Posted on January 14, 2014
Tags: haskell, types

GHC has a language extension call ExistentialQuantification. This lets users write “existential” types. There are lots of good explanations of what an existential type is, but to briefly summarize: an existential type allows the callee to choose the type versus the caller.

As an example, if we have

    {-# LANGUAGE ExistentialQuantification #-}
    data NotExist a = NotExist a
    data Exists = forall a. Show a => Exists a

    normal :: Show a => NotExist a
    normal = NotExist undefined

    exists :: Exists
    exists = Exists "The callee chose this"

With normal the caller gets to choose what a is and so we have to use undefined, otherwise we’d have to construct an arbitrary Show a => a.

With exists, the callee get’s to choose what is boxed up in Exists, the caller can’t control anything about it.

Now, in logic existentials correspond to propositions like ∃ x∈ℕ. x > 0 ∧ x < 2 or in English, “There exists an x such that x > 0 and x < 2”. Normal haskell types like NotExists correspond more to propositions like ∀ x∈ℕ. x < x + 1.

Interestingly, we can actually define in terms of .

∃ x∈A. P(x) = ∀ Q. (∀ c∈A. P(c) → Q) → Q

In English, the proposition that “There exists an x in A so that P(x)” is equivalent to “For all propositions Q, if for all c, P(c) implies Q, then Q.”

This can be translated to Haskell!

We’ll need to enable rank n types since our definition for uses nested s. Additionally, we’ll use constraint kinds and impredicative polymorphism since we’ll want to pass around typeclass constraints and store polymorphic values in lists.

    {-# LANGUAGE RankNTypes, ConstraintKinds #-}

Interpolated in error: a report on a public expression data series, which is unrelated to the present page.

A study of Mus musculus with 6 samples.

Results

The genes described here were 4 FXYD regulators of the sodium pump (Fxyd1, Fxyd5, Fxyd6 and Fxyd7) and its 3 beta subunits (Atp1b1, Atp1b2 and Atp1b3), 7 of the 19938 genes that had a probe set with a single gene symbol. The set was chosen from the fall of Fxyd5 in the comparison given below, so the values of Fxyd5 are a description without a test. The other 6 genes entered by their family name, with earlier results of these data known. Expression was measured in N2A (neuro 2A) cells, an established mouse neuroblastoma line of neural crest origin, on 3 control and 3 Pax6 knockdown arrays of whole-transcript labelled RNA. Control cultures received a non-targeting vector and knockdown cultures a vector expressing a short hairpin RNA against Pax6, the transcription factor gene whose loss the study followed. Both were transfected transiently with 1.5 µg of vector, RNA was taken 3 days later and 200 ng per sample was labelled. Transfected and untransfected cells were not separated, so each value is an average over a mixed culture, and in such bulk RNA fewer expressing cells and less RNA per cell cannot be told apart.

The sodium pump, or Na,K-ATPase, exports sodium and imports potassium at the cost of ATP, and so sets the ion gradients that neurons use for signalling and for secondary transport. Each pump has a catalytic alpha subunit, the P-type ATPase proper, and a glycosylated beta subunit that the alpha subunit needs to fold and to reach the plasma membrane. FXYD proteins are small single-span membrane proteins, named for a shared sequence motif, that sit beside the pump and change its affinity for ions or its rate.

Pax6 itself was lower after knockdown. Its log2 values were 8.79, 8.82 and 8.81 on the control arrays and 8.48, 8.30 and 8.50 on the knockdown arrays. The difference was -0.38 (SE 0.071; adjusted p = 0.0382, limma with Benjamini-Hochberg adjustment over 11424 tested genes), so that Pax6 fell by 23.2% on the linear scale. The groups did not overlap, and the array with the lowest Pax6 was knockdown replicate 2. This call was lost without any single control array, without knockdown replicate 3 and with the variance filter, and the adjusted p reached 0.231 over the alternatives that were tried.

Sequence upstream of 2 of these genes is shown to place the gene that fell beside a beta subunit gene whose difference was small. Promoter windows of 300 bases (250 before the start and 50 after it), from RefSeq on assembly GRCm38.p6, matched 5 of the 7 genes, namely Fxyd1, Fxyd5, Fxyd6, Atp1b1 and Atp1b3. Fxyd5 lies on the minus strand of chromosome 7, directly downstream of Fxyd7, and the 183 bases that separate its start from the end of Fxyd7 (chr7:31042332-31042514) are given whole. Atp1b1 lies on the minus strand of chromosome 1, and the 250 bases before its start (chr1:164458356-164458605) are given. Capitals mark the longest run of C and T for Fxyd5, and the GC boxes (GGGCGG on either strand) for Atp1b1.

{-# LANGUAGE KindSignatures, ImpredicativeTypes #-}
    import GHC.Prim (Constraint)

    type Exists c = forall x. (forall a. c a => a -> x) -> x

Here P(x) becomes the proposition c a => a. Proving this “proposition” is done by providing a value of type a, this is sometimes called “witnessing”.

If this jump has left you baffled, try doing a bit of research on the “Curry Howard Isomorphism” and remembering that the type c a => a is really the same as the pair (Dict, a) where Dict is the record of all the function in the typeclass c.

With this intuition (terrible pun for constructionists) we can write a function to construct a Exists c given an c a => a.

    exists :: c a => a -> Exists c
    exists witness cont = cont witness

Now we can actually write some code using this

    -- This needs impredicative polymorphism
    showables :: [Exists Show]
    showables = [ exists "string"
                , exists 'c'
                , exists ()
                , exists True]

So now we’ve got a list of Exists Shows so let’s figure out how to use it. Let’s write a function that takes a function forall a. c a => a -> b and returns a function Exists c -> b.

    withExists :: (forall a. c a => a -> b) -> Exists c -> b
    withExists cont existential = existential cont

Now we can write

    main = mapM_ (withExists print) showables

Which outputs


Just as expected!

And there you have it, existential types cobbled together from a few other extensions.